Developed by Ghost Town Games and Published by Team17, Overcooked: All You Can Eat is a real buffet of content which has been garnished with 4K graphics. All the content from Overcooked and its sequel plus all the additional content have been combined and spruced up graphically to bring you a single entry for all your Overcooked joy.
For those who have not played Overcooked before, it is a strategy game of time management, coordination, cooperation and communication. You are essentially chefs in a kitchen and the orders are coming in thick and fast. You have to grab, chop, boil, and fry a massive variety of dishes. On some occasions, you have to tie it in with plating it up and sending it out as well as washing the dishes up for the next customers. You are judged on meeting the orders promptly to try and reach that 3-star rating.
But as simple as that sounds, many other variables make this difficult. For one, positioning is important; if you are playing by yourself you usually take control of two chefs and have to switch between them. Leaving your inactive chef in the wrong place could see them getting in the way or worse, falling off of the level and needing to respawn. The positioning of the cooking units on some levels move about which can really mess up your rhythm. On some levels, there are rats who run away with your ingredients and also, if you leave something cooking too long it can set on fire which will start a whole bunch of chaos unless you can put it out with the extinguisher quickly.
Overcooked is meant to be played with others to get the full experience. It is only through suffering through fellow chefs who aren’t doing what you want them to do, that you start to understand why Chef Ramsay is so angry. I played both Overcooked titles as well as some of the DLC content with the wife and it is a real rollercoaster ride. When you are coordinated and have a well-oiled machine you are high fiving the 3-stars you achieve. When it goes wrong – and that will happen – you notice that you start to tear strips off each other. But if you can get 4 of you playing the coordination and communication becomes that much harder, and you reach that fine line of joy and fury with each other. Don’t worry even if you’re not cut out to be the best chef out there you can play the game in assist mode which gives you more time to complete the meals and round time altogether to get your score up.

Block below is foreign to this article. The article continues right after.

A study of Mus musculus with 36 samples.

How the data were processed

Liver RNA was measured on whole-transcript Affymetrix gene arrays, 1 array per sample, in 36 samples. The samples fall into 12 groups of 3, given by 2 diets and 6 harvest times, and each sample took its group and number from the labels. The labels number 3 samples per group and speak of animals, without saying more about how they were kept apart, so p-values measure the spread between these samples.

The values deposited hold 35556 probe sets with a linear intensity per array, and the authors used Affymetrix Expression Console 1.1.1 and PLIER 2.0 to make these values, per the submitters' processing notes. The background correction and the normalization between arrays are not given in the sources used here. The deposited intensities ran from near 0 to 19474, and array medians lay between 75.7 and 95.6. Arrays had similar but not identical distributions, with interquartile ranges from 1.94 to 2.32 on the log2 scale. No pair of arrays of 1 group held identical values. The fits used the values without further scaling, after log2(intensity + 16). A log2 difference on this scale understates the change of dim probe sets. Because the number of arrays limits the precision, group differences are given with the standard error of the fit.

So what’s new here? Well, the original Overcooked has been overhauled graphically and has added the ability to play online with others. All the DLC content previously released is here in this bundle. The graphics are now boasting a 4K resolution and 60fps for a bright, sharp and colourful display. It also benefits from the new Xbox SSD, cutting down load times, plus there are more chefs to choose from to be your main avatar whilst playing. One of the biggest claims is that there will be cross-platform multiplayer. This is something we want to see more of in this generation and it’s great that it is included here.
Overcooked: All You Can Eat is a superior bundle for fans of the original games. Having all the content in one place and brought up to speed with all the benefits of being on the latest generation makes this a must-have. For those who haven’t played it and want to have a try, there is plenty of content to enjoy and sink your teeth into. Although it can suffer from repetition, especially on your own, it is still definitely one of the most fun co-op party games out there, and with the addition of cross-platform action it opens up the chance to play with others more so.
This game was tested and reviewed on Xbox. All of the opinions and insights here are subject to that version. Game provided by publisher.Want to keep up to date with the latest Xt reviews, Xt opinions and Xt content? Follow us on Facebook, Twitter, and YouTube.